As a new category of product, Windows Home Server may be a bit confusing to some computer users. Many people will see the word “Server” and assume that bringing a Windows Home Server machine into their home will be complicated and difficult!
This is where we bring to you a series of well-informed articles to show users that setting up and using Windows Home Server can be easy and, more important, that it can be used to simplify their digital lives by protecting their important files and making them available in a variety of different ways.
One of the most common criticisms for Windows Home Server is that many of the features could be cobbled together using a low-cost Linux-based server, network attached storage device, or other products. The problem with this criticism is that it assumes that everyone is comfortable stitching together a bunch of disparate technologies in order to build a solution for their home network.
If it really were easy, then everyone would have already done it!
Windows Home Server makes a huge stride to close the technology divide. In this particular article we will look to answer some of most essential queries that usually have bogged down users while using WHS as follows:
Who Needs a Home Server?
Microsoft is obviously hoping that the answer to this question is “everyone,” and the truth is not far off. The typical target household for Windows Home Server is a home where two or more PCs are used for either business or personal computing. To make the most of Windows Home Server, the house should also have a broadband Internet connection.
The term ‘server’ may tend to scare people away from Windows Home Server, but potential customers should realize that while the machine is a server in its functionality, it is easier to set up, administer, and utilize than a normal Windows PC. Users are not asked to answer questions that they may not understand. Default settings are very reasonable, and significant effort has gone into providing a simple user interface that gives users the exact information they need, without excessive or confusing computer jargon.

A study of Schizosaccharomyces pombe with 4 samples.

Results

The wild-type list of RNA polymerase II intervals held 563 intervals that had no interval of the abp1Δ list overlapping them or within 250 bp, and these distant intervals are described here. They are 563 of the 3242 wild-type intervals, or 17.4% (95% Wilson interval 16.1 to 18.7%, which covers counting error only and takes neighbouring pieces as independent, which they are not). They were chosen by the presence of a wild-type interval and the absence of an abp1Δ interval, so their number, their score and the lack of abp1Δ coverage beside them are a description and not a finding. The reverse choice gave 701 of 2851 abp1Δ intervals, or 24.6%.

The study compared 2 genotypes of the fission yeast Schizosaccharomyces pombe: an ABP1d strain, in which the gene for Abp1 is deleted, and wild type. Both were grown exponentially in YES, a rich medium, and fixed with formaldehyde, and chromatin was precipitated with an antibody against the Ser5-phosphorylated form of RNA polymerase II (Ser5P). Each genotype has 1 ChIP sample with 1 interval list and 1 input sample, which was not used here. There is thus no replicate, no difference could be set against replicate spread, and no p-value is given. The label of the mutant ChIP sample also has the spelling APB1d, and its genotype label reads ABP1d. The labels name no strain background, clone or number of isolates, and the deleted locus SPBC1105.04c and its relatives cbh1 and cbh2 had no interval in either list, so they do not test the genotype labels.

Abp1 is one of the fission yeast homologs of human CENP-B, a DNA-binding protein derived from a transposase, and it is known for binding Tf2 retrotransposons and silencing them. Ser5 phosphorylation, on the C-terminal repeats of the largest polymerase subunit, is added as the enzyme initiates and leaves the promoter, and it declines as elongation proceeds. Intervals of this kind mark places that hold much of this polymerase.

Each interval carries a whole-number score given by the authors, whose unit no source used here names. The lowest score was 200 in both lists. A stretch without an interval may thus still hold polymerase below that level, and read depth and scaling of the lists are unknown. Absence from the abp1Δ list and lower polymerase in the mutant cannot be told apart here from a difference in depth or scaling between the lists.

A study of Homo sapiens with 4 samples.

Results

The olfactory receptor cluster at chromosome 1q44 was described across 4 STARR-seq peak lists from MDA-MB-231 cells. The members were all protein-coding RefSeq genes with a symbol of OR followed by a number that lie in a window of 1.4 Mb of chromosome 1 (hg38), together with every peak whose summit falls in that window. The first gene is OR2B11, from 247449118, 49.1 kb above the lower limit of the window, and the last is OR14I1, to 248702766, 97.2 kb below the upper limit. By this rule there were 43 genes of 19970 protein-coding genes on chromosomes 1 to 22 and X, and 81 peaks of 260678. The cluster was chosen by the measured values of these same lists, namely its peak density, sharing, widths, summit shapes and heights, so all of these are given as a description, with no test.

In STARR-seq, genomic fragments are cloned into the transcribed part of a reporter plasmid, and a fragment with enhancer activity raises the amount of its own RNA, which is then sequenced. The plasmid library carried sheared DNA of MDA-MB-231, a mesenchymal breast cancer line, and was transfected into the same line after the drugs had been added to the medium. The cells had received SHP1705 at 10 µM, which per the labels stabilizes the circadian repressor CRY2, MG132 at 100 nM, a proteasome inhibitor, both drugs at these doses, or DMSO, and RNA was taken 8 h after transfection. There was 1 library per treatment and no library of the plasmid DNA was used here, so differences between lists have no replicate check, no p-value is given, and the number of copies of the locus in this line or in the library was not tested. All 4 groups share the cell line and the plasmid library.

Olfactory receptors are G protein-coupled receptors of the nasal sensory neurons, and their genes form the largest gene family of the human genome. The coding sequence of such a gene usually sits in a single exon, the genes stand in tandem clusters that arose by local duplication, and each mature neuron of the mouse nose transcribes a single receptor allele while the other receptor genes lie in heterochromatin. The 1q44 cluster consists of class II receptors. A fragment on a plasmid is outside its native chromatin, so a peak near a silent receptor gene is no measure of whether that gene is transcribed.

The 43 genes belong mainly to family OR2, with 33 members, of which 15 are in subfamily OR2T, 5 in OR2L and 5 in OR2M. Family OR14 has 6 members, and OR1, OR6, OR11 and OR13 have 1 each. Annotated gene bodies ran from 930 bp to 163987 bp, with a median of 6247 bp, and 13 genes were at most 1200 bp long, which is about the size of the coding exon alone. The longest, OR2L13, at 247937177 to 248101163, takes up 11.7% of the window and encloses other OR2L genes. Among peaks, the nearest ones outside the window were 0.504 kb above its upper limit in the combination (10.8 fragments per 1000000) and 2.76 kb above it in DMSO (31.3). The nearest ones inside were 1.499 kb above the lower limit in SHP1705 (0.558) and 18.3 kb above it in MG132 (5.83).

Understanding WHS’ limitations
At this point it is important to begin to understand some of the limitations of Windows Home Server, which we have categorically enlisted here-in:
- Windows Home Server doesn’t do e-mail.
- Windows Home Server does not do Active Directory. Active Directory is the computer and user management engine that Microsoft’s main line of server products uses to manage accounts, computers, and settings in the business environment.
- One piece that is obviously absent from Windows Home Server’s backup strategy is the ability to ship backups to an off-site location.
- Another frequent request that has not yet been addressed is the ability to centralize parental controls for Internet usage.
We will continue our discussion further into the next few articles, by slowly shifting our focus on one of the best piece of dedicate hardware for Windows Home Server, namely, HP MediaSmart Series 470/475.